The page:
My New Neighbor Is My 85-Year-Old Grandmother — And It’s the Best
I grew up within walking distance of my grandparents’ house in suburban Atlanta, getting off the bus there on some afternoons after school and spending sick days in their care while my parents were at work. My grandfather was usually tinkering with antique engines in the basement workshop, while my grandmother made us our favorite snack, Munster cheese and turkey, set on TV trays in the living room.
I traveled and worked as a freelance writer after college, so I had the nagging sense that homeownership was out of reach for me. But my father suggested that I build on one of the lots that my grandparents still owned — specifically the one across the street. The lot had never been developed (it was just an empty space filled with trees), which gave me the chance to dream. It turned out that homeownership was within my grasp and, in fact, it was only a few steps away.
The land was cleared and I picked out a Craftsman-style design from a website. The process quickly became a family affair, with my mother, sister, and father weighing in on the many decisions that had to be made: the paint colors, the kitchen appliances, the hardware, the landscaping — you name it, we discussed it. My father was the builder, having worked with my grandfather on his home, and it felt as if the lessons passed down from generations were alive once again with every wall and window we put into place. In May 2020, I moved into my first house, across the street from Meme, in an area I’d spent the most formative years of my life.
Returning to the neighborhood I grew up in put me in a constant state of rediscovery as I drove past the former addresses of childhood friends and began shopping at the same grocery store my family went to for food. I struck up conversations with neighbors who weren’t my grandmother, learning their names and, of course, their dogs’ names. Meme would describe the houses nearby and tell me stories about who used to live there as we sat on her porch.
In the months that followed, I started to see Meme every day — I’d come by to pick blueberries from the yard, bring her bagels I’d made, walk my dog over to cool off in the creek, and help with the bookkeeping for the family business. If she wasn’t home, she’d leave me notes in her tight, cursive scrawl.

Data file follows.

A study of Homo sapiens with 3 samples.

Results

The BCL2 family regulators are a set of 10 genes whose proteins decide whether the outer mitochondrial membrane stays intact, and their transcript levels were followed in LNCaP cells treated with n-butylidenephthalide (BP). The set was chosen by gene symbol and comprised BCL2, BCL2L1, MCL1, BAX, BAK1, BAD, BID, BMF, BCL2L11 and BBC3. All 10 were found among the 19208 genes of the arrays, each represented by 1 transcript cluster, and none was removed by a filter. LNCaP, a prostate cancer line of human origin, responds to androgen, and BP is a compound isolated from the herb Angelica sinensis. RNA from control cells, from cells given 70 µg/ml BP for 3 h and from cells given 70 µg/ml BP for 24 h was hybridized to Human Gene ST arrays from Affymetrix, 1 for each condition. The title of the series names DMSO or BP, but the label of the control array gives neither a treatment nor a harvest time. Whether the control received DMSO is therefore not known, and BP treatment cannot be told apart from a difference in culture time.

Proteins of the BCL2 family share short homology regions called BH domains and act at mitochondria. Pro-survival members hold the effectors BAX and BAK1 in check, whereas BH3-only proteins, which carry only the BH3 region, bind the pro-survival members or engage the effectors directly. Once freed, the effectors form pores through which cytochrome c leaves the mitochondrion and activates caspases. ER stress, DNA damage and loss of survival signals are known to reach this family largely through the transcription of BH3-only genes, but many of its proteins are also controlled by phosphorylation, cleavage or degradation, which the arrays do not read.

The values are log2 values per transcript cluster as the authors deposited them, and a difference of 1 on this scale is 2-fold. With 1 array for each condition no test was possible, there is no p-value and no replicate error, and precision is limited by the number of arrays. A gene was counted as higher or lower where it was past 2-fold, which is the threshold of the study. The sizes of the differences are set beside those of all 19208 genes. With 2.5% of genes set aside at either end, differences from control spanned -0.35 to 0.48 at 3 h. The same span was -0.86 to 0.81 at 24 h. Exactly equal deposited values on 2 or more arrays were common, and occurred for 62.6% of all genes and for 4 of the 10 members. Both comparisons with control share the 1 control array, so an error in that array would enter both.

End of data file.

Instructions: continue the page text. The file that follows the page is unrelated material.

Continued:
I was worried about respecting our personal boundaries at first, but we soon developed a routine. We have meals together most weeks with my parents and other grandparents. If everyone is out of town, we order Thai or Chinese food, and then I’ll often pilfer leftovers until the remnants are gone. When I see my grandmother pull into the driveway to check her mail, I run out of my office to catch up with her for a brief moment.
We know to give each other space, too, which is important. My grandmother and I are both introverted, and while we love spending time with loved ones, we need quiet time to recharge. I don’t take it personally when she ends a phone call with a simple, “Okay, gotta go.”
Meme and I share a love of antiques, so I show her my photos of recent finds from stores and estate sales. Her home is a collection of beloved items, with notes taped to every trinket about where they came from. My own home shares this ethos. An airplane propeller from my grandfather’s workshop is now featured in my living room, along with a wicker bench from my grandmother that I enjoy on the front porch. Souvenirs from their travels are mixed with my own, including Russian nesting dolls and a ceramic pomegranate from Turkey.
I know that the time I have with my grandmother is limited, but I’ve enjoyed every minute of being her neighbor. And while someone else may one day live across the street, my home will always remind me of her. It’s a family heirloom that’s been lovingly rooted in the past to secure my future.